Have you been suffering too many colds this season? Is your “healthy” exercise program compromising your immune system? Or is exercising while you are under the weather sabotaging your workouts?
Let’s face it: the gym can sometimes be a double-edged sword. For the most part, exercise will boost a client’s energy level as well as his or her immune system. However, if that client is suffering from the typical colds and flu to which we all succumb at this time of year, is exercise necessarily the best course of action?
The Exertion Effect
Aspects of our immune system react adversely following a heavy workout, such as the skin, upper respiratory tract, lung and muscle tissue, and the bloodstream. A majority of exercise immunologists feel that during this window of inopportunity after intense exercise, viruses and bacteria may gain a foothold, elevating the risk of contracting an infection.
This risk amplifies exponentially when other factors compromise immune function: exposure to new pathogens, lack of sleep, or emotional stress. This belief was conceived in the early 1990s following a study conducted by David Nieman, Ph.D. Dr. Nieman introduced what he referred to as the “J-shaped curve”, illustrating how regular moderate exercise may decrease the risk of upper respiratory infections while regular intense exercise may increase one’s susceptibility.
Knowing When To Back Off
Mild to moderate physical activity is considered safe even in the presence of a common cold, provided there is no accompanying fever. Exercise may even temporarily relieve mild congestion by opening nasal passages. Endorphin release often adds to the temporary feeling of improved well-being.
If a client’s symptoms are above the neck — runny nose, sore throat or sneezing — most physicians endorse mild to moderate exercise. However, when symptoms occur below the neck, such as wheezing, coughing or gastric distress, prudent athletes might consider skipping the gym —and the spreading of germs — and opting for rest. Even under mild illness circumstances, reducing the intensity of a workout will still provide some exercise while not placing the body at risk for a more serious and/or debilitating cold or infection.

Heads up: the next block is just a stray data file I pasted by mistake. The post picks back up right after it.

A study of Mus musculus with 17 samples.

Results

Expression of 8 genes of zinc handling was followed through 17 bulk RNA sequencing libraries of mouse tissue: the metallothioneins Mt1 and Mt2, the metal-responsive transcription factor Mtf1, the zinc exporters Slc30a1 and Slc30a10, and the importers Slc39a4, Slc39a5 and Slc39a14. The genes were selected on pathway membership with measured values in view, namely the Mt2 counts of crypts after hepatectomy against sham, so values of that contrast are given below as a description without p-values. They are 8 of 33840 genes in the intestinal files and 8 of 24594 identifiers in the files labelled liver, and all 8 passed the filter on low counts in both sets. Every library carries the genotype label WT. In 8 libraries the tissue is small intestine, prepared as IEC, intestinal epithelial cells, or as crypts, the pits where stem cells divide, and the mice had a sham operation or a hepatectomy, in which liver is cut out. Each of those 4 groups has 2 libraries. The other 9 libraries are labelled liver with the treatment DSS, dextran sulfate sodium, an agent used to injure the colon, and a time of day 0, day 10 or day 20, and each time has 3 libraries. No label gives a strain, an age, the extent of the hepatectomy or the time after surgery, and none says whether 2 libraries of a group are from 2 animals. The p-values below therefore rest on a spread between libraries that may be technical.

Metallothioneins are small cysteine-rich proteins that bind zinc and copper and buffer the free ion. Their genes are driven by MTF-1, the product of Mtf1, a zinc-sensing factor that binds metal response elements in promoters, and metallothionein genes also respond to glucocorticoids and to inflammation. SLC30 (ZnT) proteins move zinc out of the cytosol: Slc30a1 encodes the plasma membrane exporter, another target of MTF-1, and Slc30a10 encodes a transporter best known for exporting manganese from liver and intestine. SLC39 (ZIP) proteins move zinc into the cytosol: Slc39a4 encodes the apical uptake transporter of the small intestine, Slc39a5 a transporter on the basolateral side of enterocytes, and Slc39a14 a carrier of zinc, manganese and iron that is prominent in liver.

The Sum Total of a Client’s Health
While it seems tempting for trainers to encourage clients to “work through” their symptoms, in an effort to maintain a regular weekly client load/income level, sage advice suggests taking a longer view than simply the next paycheck. We have dedicated ourselves to the preservation and improvement of clients’ physical wellbeing, and that does not always mean bigger muscles or improved VO2 max.
Keep in mind that the client is not alone in the gym; rather, exercising when sick threatens the health of all gym patrons as well as the trainer, who comes into particularly close contact when spotting and assisting clients. Considering the entire person rather than his or her individually trained body parts, we must know when it is best to suggest rest and a day or two off from the gym, and when it might be appropriate to carry on with business as usual. Becoming familiar with which aspects of intensity can ramp up or depress the body’s immune function enables us to provide the best possible guidance to our clients.